Paris, France

Paris
The famed flying buttresses of Notre Dame Cathedral, Paris. Photo © Sacred Destinations.

Paris is one of the most popular travel destinations in the world for good reason. Beautiful architecture, historical sites, top-notch museums, fabulous food, romantic strolls by the river... Paris has it all, including plenty for travelers interested in religious art and history. The capital city has played a key role in Roman, Christian and Jewish history and this heritage lives on in the cathedrals, monuments and artifacts these more devout times left behind. In addition, as a thriving urban center, Paris hosts a variety of newly-arrived religious communities including Muslims, Buddhists, Jehovah's Witnesses and Pentecostals. Follow a link below to explore the spiritual heritage of Paris.


advertisement
St-Germain-Des-Prés
Built to house a relic of the True Cross brought from Spain in 542, this church was so powerful in the Middle Ages that it became a town within a town.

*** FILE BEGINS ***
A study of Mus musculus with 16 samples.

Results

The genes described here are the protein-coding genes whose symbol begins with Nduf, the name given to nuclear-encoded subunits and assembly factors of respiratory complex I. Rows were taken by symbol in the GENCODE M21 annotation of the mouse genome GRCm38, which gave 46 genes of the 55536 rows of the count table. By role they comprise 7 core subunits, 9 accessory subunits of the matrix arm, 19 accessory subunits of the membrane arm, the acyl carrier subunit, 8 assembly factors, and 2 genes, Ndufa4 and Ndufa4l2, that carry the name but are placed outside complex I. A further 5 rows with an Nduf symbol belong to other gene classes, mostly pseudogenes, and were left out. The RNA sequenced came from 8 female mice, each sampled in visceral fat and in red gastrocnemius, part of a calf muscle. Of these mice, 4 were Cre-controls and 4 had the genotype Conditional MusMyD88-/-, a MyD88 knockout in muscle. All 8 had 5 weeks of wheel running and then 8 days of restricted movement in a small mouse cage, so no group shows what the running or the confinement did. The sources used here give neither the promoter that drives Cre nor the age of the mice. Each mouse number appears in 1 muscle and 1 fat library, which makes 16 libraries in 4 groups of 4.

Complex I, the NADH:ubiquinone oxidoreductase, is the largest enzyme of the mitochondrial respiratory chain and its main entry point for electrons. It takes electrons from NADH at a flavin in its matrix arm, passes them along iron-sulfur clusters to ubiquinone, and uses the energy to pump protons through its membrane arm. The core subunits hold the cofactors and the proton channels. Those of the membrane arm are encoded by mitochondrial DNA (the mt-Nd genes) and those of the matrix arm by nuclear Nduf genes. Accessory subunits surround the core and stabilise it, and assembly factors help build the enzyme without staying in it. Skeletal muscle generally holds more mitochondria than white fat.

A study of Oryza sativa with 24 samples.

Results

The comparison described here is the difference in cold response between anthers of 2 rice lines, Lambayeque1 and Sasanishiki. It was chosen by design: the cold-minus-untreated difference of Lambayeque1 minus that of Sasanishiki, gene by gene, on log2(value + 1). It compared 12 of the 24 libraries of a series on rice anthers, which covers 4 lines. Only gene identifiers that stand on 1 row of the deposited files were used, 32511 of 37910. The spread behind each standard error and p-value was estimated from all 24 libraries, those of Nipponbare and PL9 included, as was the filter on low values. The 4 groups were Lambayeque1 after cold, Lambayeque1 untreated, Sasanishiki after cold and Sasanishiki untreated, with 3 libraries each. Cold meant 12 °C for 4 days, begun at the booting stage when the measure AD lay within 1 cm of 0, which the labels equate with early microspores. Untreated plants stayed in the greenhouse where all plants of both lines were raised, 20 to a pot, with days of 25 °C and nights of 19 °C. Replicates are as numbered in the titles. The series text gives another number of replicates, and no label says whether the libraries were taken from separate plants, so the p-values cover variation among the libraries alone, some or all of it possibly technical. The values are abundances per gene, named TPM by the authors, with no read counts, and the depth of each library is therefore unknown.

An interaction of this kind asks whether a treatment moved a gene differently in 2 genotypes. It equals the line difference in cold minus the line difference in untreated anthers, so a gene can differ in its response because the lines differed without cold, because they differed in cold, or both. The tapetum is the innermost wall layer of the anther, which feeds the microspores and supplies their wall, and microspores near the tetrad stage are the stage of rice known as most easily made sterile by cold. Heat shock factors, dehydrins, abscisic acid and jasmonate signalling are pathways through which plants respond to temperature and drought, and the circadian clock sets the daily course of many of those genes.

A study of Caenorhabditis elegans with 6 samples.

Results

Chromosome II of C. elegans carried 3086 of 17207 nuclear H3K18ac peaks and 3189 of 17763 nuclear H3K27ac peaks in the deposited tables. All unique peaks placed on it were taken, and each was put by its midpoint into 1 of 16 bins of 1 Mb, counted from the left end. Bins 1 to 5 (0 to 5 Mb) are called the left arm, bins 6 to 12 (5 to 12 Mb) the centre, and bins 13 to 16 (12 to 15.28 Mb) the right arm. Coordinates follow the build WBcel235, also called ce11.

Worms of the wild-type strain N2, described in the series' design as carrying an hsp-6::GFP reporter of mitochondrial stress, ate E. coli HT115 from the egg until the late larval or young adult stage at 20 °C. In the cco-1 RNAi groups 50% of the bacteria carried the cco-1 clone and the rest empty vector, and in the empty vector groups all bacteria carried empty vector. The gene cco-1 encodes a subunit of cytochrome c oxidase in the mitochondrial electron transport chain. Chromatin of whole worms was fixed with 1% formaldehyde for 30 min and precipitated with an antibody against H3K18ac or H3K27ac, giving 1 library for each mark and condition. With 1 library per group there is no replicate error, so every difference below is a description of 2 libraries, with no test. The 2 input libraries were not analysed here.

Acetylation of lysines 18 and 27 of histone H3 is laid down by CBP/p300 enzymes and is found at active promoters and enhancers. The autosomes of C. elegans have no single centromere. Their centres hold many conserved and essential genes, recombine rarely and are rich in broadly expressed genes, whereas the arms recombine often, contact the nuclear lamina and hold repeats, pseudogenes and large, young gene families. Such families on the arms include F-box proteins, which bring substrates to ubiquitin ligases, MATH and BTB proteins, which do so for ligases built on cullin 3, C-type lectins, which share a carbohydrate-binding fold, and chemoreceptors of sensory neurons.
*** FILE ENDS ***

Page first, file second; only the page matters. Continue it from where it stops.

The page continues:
Notre Dame Cathedral
One of the most famous cathedrals in the world, this Gothic beauty is a must-see for its historical importance and magnificent artworks.
Sainte-Chapelle
Famed for its stained glass, this beautiful 13th-century Gothic chapel was built by King Louis IX as a royal chapel to house important relics of Christ.
St-Germain l'Auxerrois
When the Louvre was still a royal palace, this was its church. It accordingly drew an assortment of royalty, courtesans, men of art and law, and local artisans.
Sacré-Coeur
This 19th-century basilica and landmark is built over the place to which St. Denis is said to have carried his own head after his martyrdom.
St-Clotilde
The most fashionable church in 19th-century Paris, this basilica dedicated to a saintly French queen is best known for its imposing twin spires.
Panthéon
This church was originally part of an abbey dedicated to St. Genevieve, but since the 18th century it has served primarily as a burial place for French heroes.
St-Pierre-De-Montmartre
One of the oldest churches in Paris, St-Pierre-de-Montmartre was consecrated in 1147. Inside the Romanesque church are 7th-century capitals and an early ribbed vault.